By Amy McCarthy
By Scott Reitz
By Scott Reitz
By Lauren Drewes Daniels
By Alice Laussade
By City of Ate
It's been going strong in Dallas since its inception in 1984. After 17 years of critical acclaim--and a kitchen run at various times by chefs David Holben and Lombardi Mare's Tom Fleming, and now by former Hotel St. Germain chef Michael Marshall--The Riviera has successfully thrived in Dallas' mercilessly competitive restaurant market. Still, it's hard to escape one of the inevitable signs of age: The Riviera is tired. This fatigue is hard to define, yet it is abundantly present, hovering around the place like a thick, puffy cloud.
The Riviera's décor is a wash of muted yellows set off by hoary oil paintings, a couple of them with minor damage. No music pipes through the dining room, leaving the jingle and clatter of the tableware to mix with honey-tongued chatter.
Yet one of the Riviera's most quaint components, one that ages like a matron with a book of plastic-surgery gift certificates, is the service. The Riviera's service is attentive and well-orchestrated to the point of dizziness. Wine glasses are whisked away immediately after the wine is ordered and replaced to reflect the appropriate type of wine. The ensuing service is impeccable, right to the wiping of the dribbles from the lip of the wine bottle. Glasses are filled as soon as the supply in the glass gets low, as if a pair of eyes hovers over the table waiting for the wine level in the glass to drop below 1 ounce.
Foie gras: $20
Shrimp bisque: $13
Rack of lamb: $38
Angel hair pasta: $13
Wild mushroom and squash risotto: $14
Crepe of duck: $12
Minnesota walleye: $29
Granny Smith tatin: $7.50
Servers, too, are well-briefed on the menu, answering detailed questions without so much as a brain-strained stutter. Delicious warm rolls (whole wheat and rosemary) are replaced as soon as you start licking the crumbs from the last one off your fingers.
Yet somehow all of this proper formality leaves you a little chilly, making you yearn for a demeanor with a little more casual warmth and friendliness, or at least a little less starch on the waitstaffs' shirts.
The food, too, can be formal. But chef Marshall's touch often gives it the raciness and odd twists it needs to keep you from taking a nap on the rosemary rolls.
This feel begins immediately. A delicate crepe filled with slivers of duck meat girdled by arugula and sun-dried tomato had all the savory balance and crafty piquancy a meal needs to keep the mouth water flowing at a flash-flood pace. A meandering puddle of Dijon sauce somehow jilted the flavors into smokiness.
The housemade angel hair pasta with Italian parsley, pecorino cheese and porcini mushroom sauce looked like a heap of tangled string in ink. The pasta locks were perfectly cooked and rested in a slightly viscous puddle of rich, well-balanced mushroom sauce.
But slipping off the lofty plateau was the wild mushroom butternut squash risotto with basil and threads of crispy leeks scattered about. The blend was mushy and a bit bland with indistinct risotto grains that merged with the other components, making more of a slush than a creamy dish.
Foie gras poivre, however, was nearly flawless. A pair of liver lobes, scorched into firmness with a crust of pepper, was laid over slices of pear and porcini mushrooms sewn with a healthy pinch of watercress. It looked like a club sandwich for a French culinary snob. This layering was surrounded by smears of black currant glaze. Texturally, the liver was within a hair's breadth of nirvana, or at least purgatory. The flavors negotiated a balance of delicate richness. Yet there was a tiny fly in this liver ointment: The pear was a bit clumsy in this context, appearing as thick slices fanned under the foie gras and fighting it a little. Perhaps an unobtrusive layer of thin overlapping slices would have been a more effective enhancement.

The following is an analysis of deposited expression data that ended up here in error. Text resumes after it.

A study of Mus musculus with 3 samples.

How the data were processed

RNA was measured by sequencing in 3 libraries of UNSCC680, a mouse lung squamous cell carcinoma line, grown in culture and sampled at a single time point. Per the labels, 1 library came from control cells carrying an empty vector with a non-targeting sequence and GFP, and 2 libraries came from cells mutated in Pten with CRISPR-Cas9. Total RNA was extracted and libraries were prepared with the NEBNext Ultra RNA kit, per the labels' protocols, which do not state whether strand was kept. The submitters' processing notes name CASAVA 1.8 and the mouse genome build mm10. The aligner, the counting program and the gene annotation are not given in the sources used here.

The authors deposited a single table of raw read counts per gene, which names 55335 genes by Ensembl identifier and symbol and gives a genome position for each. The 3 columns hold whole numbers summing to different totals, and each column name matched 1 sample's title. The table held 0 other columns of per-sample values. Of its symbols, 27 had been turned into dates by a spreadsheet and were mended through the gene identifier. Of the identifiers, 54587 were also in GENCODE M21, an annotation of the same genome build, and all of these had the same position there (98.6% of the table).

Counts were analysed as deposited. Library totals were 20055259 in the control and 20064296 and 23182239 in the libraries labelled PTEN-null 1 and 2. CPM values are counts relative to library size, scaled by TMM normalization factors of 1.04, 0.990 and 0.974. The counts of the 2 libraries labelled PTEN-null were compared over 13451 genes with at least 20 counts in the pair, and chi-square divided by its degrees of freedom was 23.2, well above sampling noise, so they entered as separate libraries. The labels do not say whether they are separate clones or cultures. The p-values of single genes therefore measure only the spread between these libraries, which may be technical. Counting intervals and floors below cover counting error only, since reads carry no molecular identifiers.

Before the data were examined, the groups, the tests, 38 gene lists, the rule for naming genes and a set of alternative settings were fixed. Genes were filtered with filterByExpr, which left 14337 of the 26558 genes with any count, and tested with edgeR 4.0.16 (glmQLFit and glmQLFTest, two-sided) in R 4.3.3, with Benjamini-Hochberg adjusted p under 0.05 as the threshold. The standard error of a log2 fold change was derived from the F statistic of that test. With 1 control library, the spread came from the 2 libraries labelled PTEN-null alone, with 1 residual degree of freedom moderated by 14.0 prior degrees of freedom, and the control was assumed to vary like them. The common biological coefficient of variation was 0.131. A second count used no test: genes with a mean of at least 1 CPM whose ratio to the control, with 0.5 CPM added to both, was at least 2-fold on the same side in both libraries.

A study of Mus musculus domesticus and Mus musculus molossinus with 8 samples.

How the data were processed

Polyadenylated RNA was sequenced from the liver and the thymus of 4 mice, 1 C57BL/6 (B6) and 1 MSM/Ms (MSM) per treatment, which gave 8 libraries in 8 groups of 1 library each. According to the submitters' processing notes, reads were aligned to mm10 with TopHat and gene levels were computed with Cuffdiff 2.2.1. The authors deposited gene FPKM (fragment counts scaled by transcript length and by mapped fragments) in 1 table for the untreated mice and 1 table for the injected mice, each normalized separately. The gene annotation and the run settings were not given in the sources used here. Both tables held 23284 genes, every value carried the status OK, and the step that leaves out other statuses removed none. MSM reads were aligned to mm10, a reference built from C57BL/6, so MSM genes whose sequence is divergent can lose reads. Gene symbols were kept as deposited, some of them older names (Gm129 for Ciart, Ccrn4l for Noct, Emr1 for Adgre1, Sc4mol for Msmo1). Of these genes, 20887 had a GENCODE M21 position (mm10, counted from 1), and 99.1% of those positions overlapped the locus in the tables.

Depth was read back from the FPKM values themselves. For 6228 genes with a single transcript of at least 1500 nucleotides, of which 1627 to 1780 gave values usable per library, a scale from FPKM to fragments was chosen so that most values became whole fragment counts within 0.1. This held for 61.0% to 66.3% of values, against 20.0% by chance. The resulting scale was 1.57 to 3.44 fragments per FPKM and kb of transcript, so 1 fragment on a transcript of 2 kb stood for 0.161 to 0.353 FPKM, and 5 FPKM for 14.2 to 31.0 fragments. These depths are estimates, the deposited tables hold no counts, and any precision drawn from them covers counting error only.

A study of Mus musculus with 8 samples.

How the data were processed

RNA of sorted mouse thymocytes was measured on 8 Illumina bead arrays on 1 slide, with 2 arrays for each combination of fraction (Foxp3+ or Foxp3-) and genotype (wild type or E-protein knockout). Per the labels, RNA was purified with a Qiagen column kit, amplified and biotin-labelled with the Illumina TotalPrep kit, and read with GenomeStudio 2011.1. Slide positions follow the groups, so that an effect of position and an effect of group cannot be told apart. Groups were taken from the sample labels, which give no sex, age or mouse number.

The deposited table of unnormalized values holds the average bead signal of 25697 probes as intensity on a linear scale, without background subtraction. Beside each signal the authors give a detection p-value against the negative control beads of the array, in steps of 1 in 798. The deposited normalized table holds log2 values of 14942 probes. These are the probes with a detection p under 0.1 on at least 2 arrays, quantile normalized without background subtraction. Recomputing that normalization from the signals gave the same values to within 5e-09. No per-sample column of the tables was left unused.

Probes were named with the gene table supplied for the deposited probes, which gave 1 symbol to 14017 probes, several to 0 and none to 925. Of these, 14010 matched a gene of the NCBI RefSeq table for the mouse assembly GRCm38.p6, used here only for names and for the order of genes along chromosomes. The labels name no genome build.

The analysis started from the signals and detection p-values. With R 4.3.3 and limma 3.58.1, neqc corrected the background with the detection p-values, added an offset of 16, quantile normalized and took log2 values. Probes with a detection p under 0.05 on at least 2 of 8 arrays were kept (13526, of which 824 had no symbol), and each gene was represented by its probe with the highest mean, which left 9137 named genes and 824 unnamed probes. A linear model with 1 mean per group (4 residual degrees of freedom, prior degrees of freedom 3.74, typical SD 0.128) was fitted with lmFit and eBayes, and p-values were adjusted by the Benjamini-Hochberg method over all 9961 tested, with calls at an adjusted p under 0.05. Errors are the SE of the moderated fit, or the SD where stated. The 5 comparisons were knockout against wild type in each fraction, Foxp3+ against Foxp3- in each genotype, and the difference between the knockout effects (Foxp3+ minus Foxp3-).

Shrimp bisque was heavy-handed. This thick, concentrated and heavily salted soup with a dollop of caviar perched on a touch of crème fraîche flaunted its robustness without any interesting agility, hitting the tongue more as a rich sauce than a deft soup.
For a long time, The Riviera has been among the few buttoned-down, fine dining restaurants in Dallas with the ability to make every facet of the supping experience gleam--this despite its rather humble beginnings. The Riviera was launched by dapper front man Franco Bertolasi in a former Steak & Ale shell after he gathered 20 partners, each of them ponying up $25,000. Since then, it seems Bertolasi's charisma and graciousness have fueled the restaurant, and his personal magnetism has a potent pull. Before moving to Dallas some 30 years ago, Bertolasi made a name for himself in Liverpool, England, where he was known to hobnob with a pair of musical bugs known as John and Paul. He even appeared as an extra in the film Gigi, banging a drum in a marching band.
Nowadays, Bertolasi struggles with Parkinson's disease, which on the surface hasn't dimmed his resilience or his graciousness. Still, it would be almost unbearable to observe his gut-wrenching stumbles, which bring him to his knees, if he didn't recover with such grace and dignity. It's hard to imagine a restaurant front man with more courage.
That fortitudinous grace peeks through in a number of places, ebbing its way into the dining experience, almost without notice. For example, on the surface, The Riviera has a somewhat conventional wine list, pumped up with cabs and chards. But a closer look reveals little stretches of absorbing interest intermingled among the Jordan cabernets and the Kendall Jackson chardonnays. The Riviera stocks a couple of Alsatian wines, a pair of German wines and a handful of wines from the Loire Valley. Plus the Bordeaux are arranged by district (with first and second growths indicated), and the Italian reds are arranged by region, something rarely seen outside of Italian restaurants.